Back when I was a student, I relished the opportunity for a class field trip to leave the school campus to see something new and different. Each trip was an adventure and provided a learning experience that couldn’t be replicated in the classroom.  It also meant a day without quizzes, tests and homework.

Last week, students from a dozen high schools across the state gathered at Springbrook State Park in Guthrie Center for the 20th Annual Iowa Envirothon.  The Iowa Envirothon, sponsored by the Iowa Farm Bureau since its start in 1996, isn’t your average field trip.  The Iowa Envirothon, put on by the Conservation Districts of Iowa (CDI), is a team competition for high school students which extensively tests their knowledge of natural resources and critical environmental issues.

For the 15 high school teams that competed this year, the Envirothon wasn’t the kind of field trip I remember taking in school; this one included vigorous written tests of environmental knowledge, critical thinking, hands-on investigations, teamwork, and the always intimidating, public speaking portion, including an oral presentation in front of numerous judges. The students’ hands-on investigation and team exercises were designed to answer questions from five categories: Aquatics, Forestry, Soils, Wildlife, and Current Environmental Issues.  Volunteers with the Iowa Department of Natural Resources (DNR), Iowa Department of Natural Resources and Land Stewardship (IDALS), and several other organizations provided guidance to students during the competition.

In Iowa, we are blessed with naturally fertile soils which provide some of the best farmland in the world, yet challenges remain as farmers and other landowners continuously work to improve soil health and water quality while being stewards of the land. How to address and tackle environmental challenges in the state has been a focus of many committed stakeholders and is an important issue for many Iowans.  Having a program that provides an opportunity for high school students to gain awareness and get involved at a young age is encouraging for our future!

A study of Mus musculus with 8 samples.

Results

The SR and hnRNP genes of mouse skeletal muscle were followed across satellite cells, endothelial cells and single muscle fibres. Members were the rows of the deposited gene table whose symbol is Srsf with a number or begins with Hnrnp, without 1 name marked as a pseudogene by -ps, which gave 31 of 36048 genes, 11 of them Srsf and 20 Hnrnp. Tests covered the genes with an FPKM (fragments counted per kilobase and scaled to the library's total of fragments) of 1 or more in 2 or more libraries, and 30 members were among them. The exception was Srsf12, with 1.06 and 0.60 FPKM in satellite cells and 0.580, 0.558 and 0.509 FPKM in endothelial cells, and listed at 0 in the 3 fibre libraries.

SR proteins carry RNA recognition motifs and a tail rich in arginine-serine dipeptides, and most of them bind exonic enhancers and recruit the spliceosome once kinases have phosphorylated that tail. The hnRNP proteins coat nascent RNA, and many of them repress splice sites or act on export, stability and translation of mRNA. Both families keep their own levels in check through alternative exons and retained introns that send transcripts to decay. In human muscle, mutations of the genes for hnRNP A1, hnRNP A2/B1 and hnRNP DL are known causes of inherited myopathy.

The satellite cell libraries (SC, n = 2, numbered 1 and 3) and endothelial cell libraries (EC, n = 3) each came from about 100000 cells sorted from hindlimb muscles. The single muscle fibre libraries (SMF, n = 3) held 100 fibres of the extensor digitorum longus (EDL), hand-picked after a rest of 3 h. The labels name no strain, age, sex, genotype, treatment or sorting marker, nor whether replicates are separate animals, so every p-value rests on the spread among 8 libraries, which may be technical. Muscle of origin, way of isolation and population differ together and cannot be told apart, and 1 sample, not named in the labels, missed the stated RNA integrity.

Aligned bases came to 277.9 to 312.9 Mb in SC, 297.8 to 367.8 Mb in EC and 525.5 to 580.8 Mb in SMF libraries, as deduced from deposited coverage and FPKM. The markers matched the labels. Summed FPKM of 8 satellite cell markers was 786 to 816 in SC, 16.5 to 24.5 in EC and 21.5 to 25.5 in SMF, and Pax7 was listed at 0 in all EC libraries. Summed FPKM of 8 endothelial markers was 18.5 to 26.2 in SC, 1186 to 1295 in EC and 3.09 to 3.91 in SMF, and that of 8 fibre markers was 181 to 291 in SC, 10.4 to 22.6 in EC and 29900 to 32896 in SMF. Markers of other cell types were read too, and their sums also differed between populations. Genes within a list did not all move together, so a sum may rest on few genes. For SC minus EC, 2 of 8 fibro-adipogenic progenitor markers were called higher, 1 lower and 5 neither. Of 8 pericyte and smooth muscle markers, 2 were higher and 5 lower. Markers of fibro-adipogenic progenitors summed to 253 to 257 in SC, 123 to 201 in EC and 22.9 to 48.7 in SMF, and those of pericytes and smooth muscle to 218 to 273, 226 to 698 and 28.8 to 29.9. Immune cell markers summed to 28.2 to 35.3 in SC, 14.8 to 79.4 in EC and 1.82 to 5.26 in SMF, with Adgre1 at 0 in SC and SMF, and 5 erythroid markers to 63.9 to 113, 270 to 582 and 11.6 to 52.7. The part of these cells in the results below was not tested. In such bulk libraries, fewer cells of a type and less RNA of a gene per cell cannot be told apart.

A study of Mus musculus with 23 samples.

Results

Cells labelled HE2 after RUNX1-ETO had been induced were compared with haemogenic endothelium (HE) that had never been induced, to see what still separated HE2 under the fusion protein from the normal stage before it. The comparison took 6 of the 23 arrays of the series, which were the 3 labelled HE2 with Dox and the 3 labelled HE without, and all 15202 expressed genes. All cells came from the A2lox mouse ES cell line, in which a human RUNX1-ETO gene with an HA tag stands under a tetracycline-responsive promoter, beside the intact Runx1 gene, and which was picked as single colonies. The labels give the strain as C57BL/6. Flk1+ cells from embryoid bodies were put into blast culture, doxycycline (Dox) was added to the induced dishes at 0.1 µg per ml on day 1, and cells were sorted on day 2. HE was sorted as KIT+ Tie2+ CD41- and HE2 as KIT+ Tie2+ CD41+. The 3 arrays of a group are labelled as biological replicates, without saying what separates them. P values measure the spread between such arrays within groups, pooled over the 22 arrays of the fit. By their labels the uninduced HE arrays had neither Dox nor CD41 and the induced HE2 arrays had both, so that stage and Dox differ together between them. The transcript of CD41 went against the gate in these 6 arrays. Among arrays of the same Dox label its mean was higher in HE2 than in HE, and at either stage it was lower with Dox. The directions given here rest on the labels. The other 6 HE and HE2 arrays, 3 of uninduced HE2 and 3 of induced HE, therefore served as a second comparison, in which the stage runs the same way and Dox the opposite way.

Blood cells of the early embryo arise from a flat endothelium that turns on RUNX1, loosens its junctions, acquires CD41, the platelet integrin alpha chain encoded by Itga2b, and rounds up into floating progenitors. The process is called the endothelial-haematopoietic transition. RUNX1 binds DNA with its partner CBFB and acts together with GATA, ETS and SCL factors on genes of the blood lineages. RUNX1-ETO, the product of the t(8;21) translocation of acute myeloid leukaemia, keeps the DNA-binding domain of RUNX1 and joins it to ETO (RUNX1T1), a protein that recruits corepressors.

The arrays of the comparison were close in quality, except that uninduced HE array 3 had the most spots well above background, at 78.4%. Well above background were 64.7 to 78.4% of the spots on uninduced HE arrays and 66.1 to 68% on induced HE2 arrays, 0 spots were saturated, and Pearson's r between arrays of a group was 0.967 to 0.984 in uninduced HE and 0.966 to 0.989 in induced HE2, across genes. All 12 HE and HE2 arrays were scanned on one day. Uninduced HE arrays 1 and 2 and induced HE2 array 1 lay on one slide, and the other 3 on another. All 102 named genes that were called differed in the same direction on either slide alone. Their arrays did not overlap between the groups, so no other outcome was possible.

It was refreshing to meet dozens of solution-seeking youth, who have a shared interest in conservation and continuous improvement of the land, and gives me a great deal of optimism for the future. The dialogue at the Envirothon was civil, forwarding thinking, and focused on collaboration, unlike the finger pointing and contentious legal battles, brought by those from previous generations, who could stand to learn a thing or two from these kids!

While chatting with students passing from one station to the next, I wanted to learn more about what drives them and find the source of their passion for the environment. Several students live on a farm or in rural Iowa and have an inherent passion for the land.  Others excel in STEM (science, technology, engineering and math) curriculum and were encouraged by a teacher to participate in the competition.

Many students have plans to study environmental science in college and envision a future working with the land in some capacity, either as a farmer, researcher, or another hands-on ag-related profession. Regardless of what career path these students choose, the future is bright with this next generation of problem solvers.

After seeing the students embrace and excel in STEM-based curriculum and point to collaboration as the driver of continued environmental improvement, I left the State Park with a firm belief in the optimism and conviction for the future generation; these kids will play an integral role finding solutions for challenges we face. The future is bright.

By Andrew Wheeler. Andrew is public relations coordinator for the Iowa Farm Bureau Federation.